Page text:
Social Media Rewrite the Rules for Brands

Gucci, Oscar de la Renta, Donna Karan, Target, Urban Outfitters, Louis Vuitton and Rachel Roy jump into social media sphere.


The designer maintains a Twitter page for her business — — with 2,084 followers since starting in the last three months. It includes examples of the Twitter-as-marketing technique, such as a recent tweet that said, “Just got in some great Rag & Bone items…hats, ties and belts…come check it out!!!”

Ronson’s attention to her Twitter page has yielded results in her retail site’s traffic. About 10 percent of Ronson’s total site traffic originates on Twitter, and 93 percent are new visitors. Ronson also posts daily updates on her personal Twitter page,, which has 11,946 followers, with musings about her day, such as, “I’m watching ‘Funny Face,’ the musical with Audrey Hepburn and Fred Astaire…Need I say more…”

Roy tweets several times daily on and has attracted 1,672 followers who frequently retweet — the Twitter term for forwarding a message — her posts. The designer mixes promotional tweets, such as, “The entire RR 2010 Resort Collection Lookbook has been posted on Rachel Roy’s official Facebook Page. Check it out,” with more personal tweets — “I found some cute wellies by Hunter for my daughter and I — green for me and purple for her. Here’s a link to more.”

The juxtaposition is engineered to nurture ties with customers. “I hope that my relationship with customers will become more intimate as they get to know me beyond my designs,” she said.

Facebook relaunched its company page platform in March with more options for organizations to elevate “the power of the brand,” said Tom Arrix, the site’s vice president of U.S. sales. The result is a company page that looks identical to a user’s page, with a “Wall” where the company and its fans can post messages, photos and video; a tab for information about the company, and additional tabs where a firm can add everything from sale promotions to trailers for new ad campaigns.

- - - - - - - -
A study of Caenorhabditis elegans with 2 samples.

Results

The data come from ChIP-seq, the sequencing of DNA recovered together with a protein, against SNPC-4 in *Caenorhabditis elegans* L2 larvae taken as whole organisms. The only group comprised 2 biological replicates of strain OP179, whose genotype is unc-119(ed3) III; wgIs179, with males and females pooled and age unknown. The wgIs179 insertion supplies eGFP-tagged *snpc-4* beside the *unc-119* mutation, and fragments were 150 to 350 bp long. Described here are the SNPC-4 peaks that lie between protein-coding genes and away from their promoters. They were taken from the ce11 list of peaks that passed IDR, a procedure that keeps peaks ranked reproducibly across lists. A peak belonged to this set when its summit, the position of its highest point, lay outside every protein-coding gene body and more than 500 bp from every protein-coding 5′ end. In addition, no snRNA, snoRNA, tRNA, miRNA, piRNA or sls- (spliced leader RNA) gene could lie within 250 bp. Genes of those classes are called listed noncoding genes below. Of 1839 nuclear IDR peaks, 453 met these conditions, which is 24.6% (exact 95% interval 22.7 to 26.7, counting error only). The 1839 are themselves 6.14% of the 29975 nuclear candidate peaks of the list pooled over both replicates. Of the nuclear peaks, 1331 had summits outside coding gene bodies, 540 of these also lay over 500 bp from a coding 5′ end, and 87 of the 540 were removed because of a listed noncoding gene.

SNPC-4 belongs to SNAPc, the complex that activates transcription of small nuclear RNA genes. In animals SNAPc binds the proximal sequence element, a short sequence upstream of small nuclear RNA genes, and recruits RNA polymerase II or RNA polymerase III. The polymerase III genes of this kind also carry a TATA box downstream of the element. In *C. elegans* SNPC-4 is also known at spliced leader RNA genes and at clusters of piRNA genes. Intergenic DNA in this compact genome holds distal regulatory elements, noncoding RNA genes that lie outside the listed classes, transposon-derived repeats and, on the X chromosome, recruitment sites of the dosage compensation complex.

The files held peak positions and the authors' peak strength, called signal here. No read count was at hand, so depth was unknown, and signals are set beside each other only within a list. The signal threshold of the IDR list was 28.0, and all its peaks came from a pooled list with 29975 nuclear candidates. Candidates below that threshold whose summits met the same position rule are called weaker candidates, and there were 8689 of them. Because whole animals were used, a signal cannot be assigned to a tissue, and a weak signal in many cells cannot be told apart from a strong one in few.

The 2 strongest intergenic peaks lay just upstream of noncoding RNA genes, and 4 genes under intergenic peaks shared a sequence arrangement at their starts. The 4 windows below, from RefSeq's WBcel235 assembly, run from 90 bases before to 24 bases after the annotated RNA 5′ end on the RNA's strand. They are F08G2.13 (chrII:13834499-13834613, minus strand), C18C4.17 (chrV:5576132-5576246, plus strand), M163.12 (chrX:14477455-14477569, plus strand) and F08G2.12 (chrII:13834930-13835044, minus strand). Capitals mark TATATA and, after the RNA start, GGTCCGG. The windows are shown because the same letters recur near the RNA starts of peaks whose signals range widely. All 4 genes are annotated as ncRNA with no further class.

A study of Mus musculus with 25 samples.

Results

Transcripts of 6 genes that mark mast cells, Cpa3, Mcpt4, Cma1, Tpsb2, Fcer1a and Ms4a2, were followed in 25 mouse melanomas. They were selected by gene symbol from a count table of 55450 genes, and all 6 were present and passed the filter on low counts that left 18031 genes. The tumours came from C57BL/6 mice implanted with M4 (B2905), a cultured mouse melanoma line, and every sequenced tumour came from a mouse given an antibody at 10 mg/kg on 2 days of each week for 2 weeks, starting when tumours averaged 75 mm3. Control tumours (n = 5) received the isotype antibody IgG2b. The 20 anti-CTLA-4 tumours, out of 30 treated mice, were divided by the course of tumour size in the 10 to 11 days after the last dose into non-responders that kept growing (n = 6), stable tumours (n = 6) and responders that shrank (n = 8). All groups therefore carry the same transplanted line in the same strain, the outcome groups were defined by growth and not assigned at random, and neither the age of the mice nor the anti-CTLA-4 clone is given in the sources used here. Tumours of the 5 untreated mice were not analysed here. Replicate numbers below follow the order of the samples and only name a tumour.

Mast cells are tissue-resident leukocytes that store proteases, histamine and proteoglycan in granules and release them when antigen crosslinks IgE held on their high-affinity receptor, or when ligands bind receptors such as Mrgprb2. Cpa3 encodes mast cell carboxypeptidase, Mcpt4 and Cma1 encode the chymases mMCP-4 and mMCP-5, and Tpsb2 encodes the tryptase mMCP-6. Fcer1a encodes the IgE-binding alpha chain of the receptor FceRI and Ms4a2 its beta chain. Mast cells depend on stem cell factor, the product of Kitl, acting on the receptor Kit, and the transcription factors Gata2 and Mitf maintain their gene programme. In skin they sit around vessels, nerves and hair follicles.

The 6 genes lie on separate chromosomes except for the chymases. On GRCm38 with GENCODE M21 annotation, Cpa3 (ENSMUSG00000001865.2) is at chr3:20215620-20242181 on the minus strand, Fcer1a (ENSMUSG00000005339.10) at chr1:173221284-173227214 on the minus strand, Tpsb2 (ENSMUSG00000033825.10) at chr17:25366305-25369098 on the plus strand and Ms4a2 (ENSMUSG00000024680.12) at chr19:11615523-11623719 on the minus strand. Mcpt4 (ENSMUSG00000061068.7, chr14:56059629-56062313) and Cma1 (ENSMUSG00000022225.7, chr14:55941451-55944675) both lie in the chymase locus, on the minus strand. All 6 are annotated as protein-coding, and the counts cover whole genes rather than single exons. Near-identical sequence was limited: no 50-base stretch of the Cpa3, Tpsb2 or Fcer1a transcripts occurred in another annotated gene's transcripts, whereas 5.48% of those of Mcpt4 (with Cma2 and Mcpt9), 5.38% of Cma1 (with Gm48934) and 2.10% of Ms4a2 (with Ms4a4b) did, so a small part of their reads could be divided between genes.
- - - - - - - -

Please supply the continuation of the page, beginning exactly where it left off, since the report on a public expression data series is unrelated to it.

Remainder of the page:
Facebook offers its users the ability to “fan” a firm or brand — a component that sets it apart from a standard company Web site. Once a user has “fanned” a brand, the business has direct access to them and is able to send messages and updates via a constant news feed on the user’s home page.

The result is a “powerful brand advantage….The company is now in the middle of two-way communication with their consumer,” Arrix said.

To join Twitter, a user creates a free user name and password and then sifts through a search function to find friends and companies the user would like to “follow.” Once a user is following a company, the user’s home page is refreshed with every update that company sends. For instance, if LouisVuitton_US tweets “Louis Vuitton’s new Core Values campaign profiled in today’s @nytimes,” all 10,492 of its followers will see this message on their home pages.

Some naysayers may find it hard to understand why a person would invite a company into their virtual personal life by fanning a company on Facebook or following them on Twitter, but millions have done just that.

It remains difficult to decipher what an online following means for companies in the long term. The more established Facebook and MySpace now have retention rates of almost 70 percent, according to Nielsen Media. However, Nielsen Media estimated more than 60 percent of first-time Twitter users neglected to return to the site after a month.

Vitrue created a Social Media Index to measure what people are talking about online. The index is generated from an algorithm that scours the Internet for a specific term on searches and social media networks and produces a score. The higher the score, the more frequently that term has been mentioned on the Web. Vitrue looked at 35 major fashion brands and retailers from May 26 to June 1. The five most-talked-about brands were Gucci, Target, Gap, American Apparel and Urban Outfitters.

These brands are, not coincidentally, active on social platforms. They “leverage their presence on social networks, have great content [updated frequently] and tools for engagement and conversation,” Bradford said.

“Fashion brands are emblematic of a person’s personality and how they want to be perceived; it’s woven into [her] identity,” he said. “Everybody loves brands — whether they’re generic or Gucci. It’s a statement.”